Bob Weighton, the oldest man in the world, celebrated his 112th Birthday on 29 March!

This year, due to the coronavirus, Bob will be staying at home and will be chatting to his family and friends via Facetime and telephone during the day. A big birthday celebration will be arranged for a few months’ time.

Bob lives independently in one of 46 apartments at Brendoncare Alton. He has lived in Alton since 1969 and leads a busy lifestyle. He enjoys a stroll around the shops and enjoys making children’s toys, windmills and furniture from wood that he has been given. He is a keen environmentalist and writes a monthly article for local magazines. He enjoys giving presentations on his long life, work and environmental issues to local community groups, church groups and school children. For his 100th birthday his family collated his memoirs in to a book, “We were Seven and other memories”!

Bob Weighton, said, “I am very lucky to have been healthy and active throughout my life. I enjoy social activities and like to get outside.” Bob went on to say, “It is far better to make a friend out of a possible enemy than it is to make an enemy out of a possible friend. This is something I have lived by throughout my life.”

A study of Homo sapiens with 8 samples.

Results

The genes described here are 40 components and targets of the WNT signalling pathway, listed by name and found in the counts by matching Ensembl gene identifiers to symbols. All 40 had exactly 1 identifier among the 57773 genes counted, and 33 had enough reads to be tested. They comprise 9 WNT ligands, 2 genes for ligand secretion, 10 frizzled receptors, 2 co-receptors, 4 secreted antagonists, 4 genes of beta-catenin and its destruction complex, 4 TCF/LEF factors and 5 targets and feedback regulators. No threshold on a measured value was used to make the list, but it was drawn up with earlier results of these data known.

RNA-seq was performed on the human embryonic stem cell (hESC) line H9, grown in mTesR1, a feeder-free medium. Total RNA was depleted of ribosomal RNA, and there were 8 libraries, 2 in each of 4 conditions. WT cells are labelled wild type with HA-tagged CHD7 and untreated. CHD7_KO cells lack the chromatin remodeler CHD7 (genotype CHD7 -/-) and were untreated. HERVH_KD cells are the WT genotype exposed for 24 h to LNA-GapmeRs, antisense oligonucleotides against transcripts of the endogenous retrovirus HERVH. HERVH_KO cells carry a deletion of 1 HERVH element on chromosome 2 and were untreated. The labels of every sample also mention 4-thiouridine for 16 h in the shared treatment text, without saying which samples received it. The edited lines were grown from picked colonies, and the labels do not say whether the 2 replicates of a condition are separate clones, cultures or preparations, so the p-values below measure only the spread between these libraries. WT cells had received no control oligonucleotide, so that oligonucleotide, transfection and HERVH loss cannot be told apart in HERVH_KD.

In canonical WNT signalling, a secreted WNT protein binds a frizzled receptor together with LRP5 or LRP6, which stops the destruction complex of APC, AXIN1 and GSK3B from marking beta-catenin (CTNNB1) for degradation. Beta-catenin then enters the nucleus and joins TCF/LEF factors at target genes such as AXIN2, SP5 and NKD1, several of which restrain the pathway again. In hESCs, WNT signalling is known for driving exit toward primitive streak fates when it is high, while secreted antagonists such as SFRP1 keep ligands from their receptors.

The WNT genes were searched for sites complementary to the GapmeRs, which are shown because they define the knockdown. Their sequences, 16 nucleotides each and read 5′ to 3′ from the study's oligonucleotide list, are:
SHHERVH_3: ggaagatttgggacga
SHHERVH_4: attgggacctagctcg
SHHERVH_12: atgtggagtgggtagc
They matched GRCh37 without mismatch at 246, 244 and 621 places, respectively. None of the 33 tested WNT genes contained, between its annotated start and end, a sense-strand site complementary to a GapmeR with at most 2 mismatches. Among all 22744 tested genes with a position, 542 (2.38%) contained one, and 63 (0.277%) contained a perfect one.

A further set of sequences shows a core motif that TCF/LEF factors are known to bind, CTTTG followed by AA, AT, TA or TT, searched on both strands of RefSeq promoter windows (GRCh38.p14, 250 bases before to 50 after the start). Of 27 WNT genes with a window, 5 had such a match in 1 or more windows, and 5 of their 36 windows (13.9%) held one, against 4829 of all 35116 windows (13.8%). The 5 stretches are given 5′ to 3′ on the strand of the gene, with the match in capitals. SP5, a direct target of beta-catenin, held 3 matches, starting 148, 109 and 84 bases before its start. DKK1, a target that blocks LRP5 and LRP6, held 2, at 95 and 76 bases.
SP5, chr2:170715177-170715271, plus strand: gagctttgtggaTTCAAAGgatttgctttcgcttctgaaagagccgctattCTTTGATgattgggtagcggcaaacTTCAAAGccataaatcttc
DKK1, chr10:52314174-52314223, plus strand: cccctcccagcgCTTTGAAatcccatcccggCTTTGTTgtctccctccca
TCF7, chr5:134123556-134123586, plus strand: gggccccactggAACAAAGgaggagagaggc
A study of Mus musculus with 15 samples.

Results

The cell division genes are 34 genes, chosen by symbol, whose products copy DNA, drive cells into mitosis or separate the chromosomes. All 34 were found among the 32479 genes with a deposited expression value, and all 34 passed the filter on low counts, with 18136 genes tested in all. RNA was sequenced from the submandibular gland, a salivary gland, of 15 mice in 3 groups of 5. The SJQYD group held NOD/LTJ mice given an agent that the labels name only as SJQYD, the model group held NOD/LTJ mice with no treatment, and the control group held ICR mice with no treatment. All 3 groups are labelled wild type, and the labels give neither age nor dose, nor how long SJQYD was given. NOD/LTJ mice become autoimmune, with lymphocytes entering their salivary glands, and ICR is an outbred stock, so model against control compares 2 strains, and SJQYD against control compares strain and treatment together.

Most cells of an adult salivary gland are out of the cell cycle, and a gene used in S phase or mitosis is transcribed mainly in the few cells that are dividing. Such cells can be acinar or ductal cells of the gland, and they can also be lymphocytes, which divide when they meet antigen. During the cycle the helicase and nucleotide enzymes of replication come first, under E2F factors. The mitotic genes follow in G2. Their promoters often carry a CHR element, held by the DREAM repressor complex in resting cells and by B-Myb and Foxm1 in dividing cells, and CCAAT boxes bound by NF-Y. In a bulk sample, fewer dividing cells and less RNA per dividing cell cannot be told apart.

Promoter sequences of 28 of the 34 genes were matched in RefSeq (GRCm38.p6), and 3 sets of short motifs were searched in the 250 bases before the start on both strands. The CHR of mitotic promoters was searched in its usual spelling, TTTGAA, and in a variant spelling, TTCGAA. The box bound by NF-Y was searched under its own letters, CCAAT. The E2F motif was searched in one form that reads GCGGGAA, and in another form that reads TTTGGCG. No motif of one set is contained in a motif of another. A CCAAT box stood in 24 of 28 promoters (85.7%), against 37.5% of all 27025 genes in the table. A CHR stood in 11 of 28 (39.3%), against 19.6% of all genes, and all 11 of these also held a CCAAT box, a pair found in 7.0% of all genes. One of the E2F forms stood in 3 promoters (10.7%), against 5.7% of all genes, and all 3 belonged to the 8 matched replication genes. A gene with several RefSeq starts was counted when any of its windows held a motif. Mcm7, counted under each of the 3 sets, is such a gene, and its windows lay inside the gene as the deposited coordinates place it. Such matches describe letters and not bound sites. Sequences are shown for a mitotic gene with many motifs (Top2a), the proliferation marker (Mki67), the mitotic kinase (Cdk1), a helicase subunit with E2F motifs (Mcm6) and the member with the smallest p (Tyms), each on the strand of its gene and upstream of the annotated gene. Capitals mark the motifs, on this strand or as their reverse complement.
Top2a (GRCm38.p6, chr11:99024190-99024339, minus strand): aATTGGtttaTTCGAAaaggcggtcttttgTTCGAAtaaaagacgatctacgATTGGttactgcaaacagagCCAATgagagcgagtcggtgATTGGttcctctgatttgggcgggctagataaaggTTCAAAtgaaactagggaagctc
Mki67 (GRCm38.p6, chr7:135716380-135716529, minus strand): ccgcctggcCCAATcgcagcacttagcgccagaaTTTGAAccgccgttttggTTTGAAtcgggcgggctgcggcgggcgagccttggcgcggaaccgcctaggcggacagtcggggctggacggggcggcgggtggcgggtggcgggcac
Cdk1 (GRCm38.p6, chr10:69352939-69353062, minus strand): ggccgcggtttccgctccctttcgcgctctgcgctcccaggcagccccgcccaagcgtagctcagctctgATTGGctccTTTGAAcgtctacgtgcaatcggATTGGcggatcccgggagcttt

Bob was born on 29 March 1908 in Hull, Yorkshire, where he lived and studied for a degree in mechanical engineering. After his studies, he worked in marine engineering in Northumberland.

In 1933 he decided to volunteer to teach English in Taiwan. He spent six weeks on board a ship reaching Hong Kong and a further week getting to Taiwan. He initially spent two years learning Japanese, and then taught English in a school for four years, during which time he married his fiancée, Agnes, who came out from England in 1937.

When warnings of Second World War were made in 1939, he decided to leave for England. However, on the way across the Pacific to Canada war broke out, and being unable to get back to England, he was diverted to Toronto, Canada. He then moved to Connecticut, in the USA until the end of the war.

During this time in the USA, he worked with the British Government, first inspecting aircraft engines for delivery to the RAF, and then translating enemy broadcasts and preparing programmes in Japanese to be broadcast to Japan under the title of the ‘Voice of Britain’.

He returned to England in 1946 with his wife and three children. He became a lecturer in mechanical engineering at the City University of London, where he continued working until his retirement in 1973.

He had three children, 10 grandchildren and 25 great-grandchildren.

During Bob’s life, he has seen 22 prime ministers, five monarchs and two world wars.